Greenland: Prelude



August 25, 2015

Hello Fellow Rider,

Over the years, I have been fortunate to travel the world using a variety of animate and inanimate conveyances.

I have flown on many fixed-wing aircraft, both propeller and jet, from a Boeing 747 to a Boeing DC 3 to an Embraer 190.  

But today, something new.

Expect the Unexpected

SE Greenland
August 26, 2015

“I’m Going!”

When I learned that a photography club from New York was leading a tour to Greenland and Iceland, I decided, “I’m going!”

I knew that I needed some specialized clothing and gear.  But I really didn’t know what to expect on such a trip.    So I thought, “Expect the unexpected.”

Sure, you can read about icebergs and glaciers and indigenous settlements; you can watch the Discovery Channel.  But when you see them, you see them.  In Greenland, I found the unexpected. 

The Story of Glaciers






                 Excerpts from Icebergs.  Christian Kempf. 

                   From Snowflake to Ice Caps to Glaciers*


     Snow gathers in hollows called “cirques,” sometimes up to 20 to 30 meters deep, (65 - 98 ft) assisted by wind, rain and avalanches.

     Fallen snow packs down and becomes less complex in structure as it releases much of the air that was trapped inside between the individual flakes.  This granular snow turns into ice over several years as the crystals bond to each other under high pressure, reaching ever larger sizes, that then bond to each other in turn.

     It generally takes five to ten years for snow to turn to ice.  In Greenland or Antarctica, this process can take a hundred years, while it takes just three to five years on certain glaciers in Svalbard or the Alps, where there is greater snowfall and the climate is cooler – speeding up the process.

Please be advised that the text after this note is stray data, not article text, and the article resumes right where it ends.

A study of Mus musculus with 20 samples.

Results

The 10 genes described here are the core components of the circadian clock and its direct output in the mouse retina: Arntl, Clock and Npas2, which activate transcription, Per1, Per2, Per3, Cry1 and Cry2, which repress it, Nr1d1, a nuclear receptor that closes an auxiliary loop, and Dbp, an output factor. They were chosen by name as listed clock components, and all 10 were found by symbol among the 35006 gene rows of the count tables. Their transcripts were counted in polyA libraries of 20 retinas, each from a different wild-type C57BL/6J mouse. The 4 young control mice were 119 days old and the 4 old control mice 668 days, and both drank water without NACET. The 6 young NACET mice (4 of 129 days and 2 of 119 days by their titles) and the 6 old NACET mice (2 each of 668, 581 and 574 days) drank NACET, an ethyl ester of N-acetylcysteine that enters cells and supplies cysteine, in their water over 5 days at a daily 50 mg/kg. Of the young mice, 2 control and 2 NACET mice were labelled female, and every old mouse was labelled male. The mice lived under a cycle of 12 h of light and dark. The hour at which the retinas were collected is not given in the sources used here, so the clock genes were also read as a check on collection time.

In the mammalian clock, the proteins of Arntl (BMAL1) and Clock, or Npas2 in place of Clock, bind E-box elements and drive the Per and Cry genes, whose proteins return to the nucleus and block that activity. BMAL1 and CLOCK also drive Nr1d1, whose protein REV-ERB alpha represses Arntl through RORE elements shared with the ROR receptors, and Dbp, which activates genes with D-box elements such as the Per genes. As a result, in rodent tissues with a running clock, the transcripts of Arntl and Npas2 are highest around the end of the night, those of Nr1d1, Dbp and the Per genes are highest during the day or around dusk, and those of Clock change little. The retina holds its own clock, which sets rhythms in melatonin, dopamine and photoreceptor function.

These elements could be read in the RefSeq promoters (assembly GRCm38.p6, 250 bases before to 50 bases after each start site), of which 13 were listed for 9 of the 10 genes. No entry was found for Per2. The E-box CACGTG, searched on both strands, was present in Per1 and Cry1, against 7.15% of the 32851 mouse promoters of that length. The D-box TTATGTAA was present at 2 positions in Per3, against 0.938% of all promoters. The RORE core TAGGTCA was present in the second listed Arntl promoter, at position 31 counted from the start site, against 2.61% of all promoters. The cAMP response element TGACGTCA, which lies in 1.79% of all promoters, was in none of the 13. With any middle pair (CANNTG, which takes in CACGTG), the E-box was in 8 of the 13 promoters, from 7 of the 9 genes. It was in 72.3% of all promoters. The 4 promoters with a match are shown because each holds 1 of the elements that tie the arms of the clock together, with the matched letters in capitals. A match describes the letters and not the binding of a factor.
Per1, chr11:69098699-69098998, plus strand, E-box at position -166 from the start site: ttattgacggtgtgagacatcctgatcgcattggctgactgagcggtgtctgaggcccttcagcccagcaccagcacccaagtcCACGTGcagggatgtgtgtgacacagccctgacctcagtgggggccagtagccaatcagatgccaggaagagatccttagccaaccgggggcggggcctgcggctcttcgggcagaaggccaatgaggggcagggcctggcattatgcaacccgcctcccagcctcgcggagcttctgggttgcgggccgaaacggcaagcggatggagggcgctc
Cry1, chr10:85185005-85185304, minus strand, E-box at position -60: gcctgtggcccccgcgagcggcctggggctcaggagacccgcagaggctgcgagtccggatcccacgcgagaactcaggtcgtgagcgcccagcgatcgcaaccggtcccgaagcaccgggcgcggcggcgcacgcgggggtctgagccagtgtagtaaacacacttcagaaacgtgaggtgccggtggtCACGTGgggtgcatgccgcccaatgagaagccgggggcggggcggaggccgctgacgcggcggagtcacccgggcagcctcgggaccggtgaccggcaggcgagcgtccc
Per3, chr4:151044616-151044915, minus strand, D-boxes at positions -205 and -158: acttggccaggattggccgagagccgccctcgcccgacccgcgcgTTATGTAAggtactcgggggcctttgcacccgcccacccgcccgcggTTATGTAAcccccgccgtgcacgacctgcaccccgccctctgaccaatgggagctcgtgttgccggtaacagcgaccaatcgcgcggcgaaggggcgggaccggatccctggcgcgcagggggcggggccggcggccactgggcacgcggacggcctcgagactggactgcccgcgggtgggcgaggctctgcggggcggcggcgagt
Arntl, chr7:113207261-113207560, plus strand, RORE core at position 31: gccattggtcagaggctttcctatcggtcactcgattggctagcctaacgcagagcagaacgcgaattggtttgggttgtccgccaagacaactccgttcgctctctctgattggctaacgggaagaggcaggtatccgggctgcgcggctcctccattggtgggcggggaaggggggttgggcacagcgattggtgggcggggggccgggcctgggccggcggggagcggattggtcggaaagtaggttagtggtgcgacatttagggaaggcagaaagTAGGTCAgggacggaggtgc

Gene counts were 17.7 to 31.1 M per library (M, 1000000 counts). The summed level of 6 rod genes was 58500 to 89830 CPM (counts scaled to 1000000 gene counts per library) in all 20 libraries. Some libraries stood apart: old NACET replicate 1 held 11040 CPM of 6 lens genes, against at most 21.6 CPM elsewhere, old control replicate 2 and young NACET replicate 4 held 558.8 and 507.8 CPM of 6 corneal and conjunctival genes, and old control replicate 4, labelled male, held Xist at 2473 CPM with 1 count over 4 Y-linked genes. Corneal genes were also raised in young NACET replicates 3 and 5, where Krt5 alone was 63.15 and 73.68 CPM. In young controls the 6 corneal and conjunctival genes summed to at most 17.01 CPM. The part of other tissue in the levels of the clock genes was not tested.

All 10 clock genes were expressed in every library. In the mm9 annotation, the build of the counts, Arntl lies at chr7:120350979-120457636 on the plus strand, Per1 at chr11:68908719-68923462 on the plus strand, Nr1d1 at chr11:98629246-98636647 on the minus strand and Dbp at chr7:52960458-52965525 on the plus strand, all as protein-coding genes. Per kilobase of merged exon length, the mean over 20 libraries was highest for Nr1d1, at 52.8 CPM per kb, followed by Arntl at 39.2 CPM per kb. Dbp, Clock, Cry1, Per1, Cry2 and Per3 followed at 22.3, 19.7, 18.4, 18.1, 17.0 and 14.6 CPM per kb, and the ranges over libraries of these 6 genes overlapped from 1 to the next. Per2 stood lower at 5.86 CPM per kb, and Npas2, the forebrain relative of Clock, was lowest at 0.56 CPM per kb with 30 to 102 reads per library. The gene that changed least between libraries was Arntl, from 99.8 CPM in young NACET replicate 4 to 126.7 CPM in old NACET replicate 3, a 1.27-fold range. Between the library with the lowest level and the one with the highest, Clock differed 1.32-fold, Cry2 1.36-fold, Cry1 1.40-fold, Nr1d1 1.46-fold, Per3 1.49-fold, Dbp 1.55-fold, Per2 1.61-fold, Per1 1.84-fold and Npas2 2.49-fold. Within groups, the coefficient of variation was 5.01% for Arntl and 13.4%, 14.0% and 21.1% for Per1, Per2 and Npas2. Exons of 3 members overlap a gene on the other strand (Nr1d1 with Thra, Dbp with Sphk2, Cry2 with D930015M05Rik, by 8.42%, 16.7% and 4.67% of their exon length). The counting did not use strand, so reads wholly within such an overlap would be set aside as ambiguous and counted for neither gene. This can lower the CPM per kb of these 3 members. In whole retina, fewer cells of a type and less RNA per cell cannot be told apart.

Glaciers are formed from successive layers of snow, though freezing mist or surface meltwater can also cause the ice to build up.  These accumulations of ice in the center of continents and polar islands are called ice caps (up to 50,000 km2) or ice sheets (over 50,000 km2) (19,305 sq mi).

The ice is up to 600 meters deep in Svalbard and the Campo do Hielo, Chile, (1968 ft).  3100 meters in Greenland (10,170 ft) and up to 4800 meters in Antarctica (15,748 ft or 3 miles deep).

Whale(s) Spotting

East Greenland

August 29, 2015


The vast landmass of Greenland is more than just snow, ice sheets, glaciers and icebergs.

The small area that I was privileged to visit displayed splendid and inspiring mountain scenery.

We were fortunate to have excellent guides.  But the guides were not only Norwegians or Danes on a summer’s job.  Our guides were also local men. 

The word “guide” is not completely adequate.

I like to think of our guides as “hunters.”

Ikateq: Debris and Discovery


Ikateq Airbase

Ikateq Fjord

East Greenland

August 28, 2015


If I had had a vote I would have noted “no.”

Since I didn’t have a vote, and without any discussion, our tour proceeds up Ikateq Fjord to visit an abandoned United States Airbase built during World War II.

On this occasion, dictatorship trumps democracy.

But why would we want to spend any time at an obsolete gravel airstrip and the adjacent forlorn remains of construction equipment and the rubble of overturned oil drums, discarded and left to rust and decay?

The scenery surrounding the airbase is as dramatic and pristine as any I have seen here in East Greenland.  Yet, is there something moving and compelling and even attractive about this detritus of the not so distant past?

The Story of Icebergs





The Iceberg Story

A Poetic Story:

“The Migration of Icebergs” by Daniel Anet*

“It’s a naïve iceberg, pure ethereal sculpture, a floating mountain that rolled over one day and plunged into the sea.  But it’s also the wide open sea, an infinite constellation if icebergs, like a migration of swans; or perhaps it might be the reflection of the Milky Way slipping across the dark blue sea, through the drifting fog.

The fjords thrust into granite lands for hundreds of kilometers, like inland seas; and their waves will eventually lap against short beaches of grey and black pebbles, onto which slump the pleated fronts of age-old glaciers polished by waterfalls.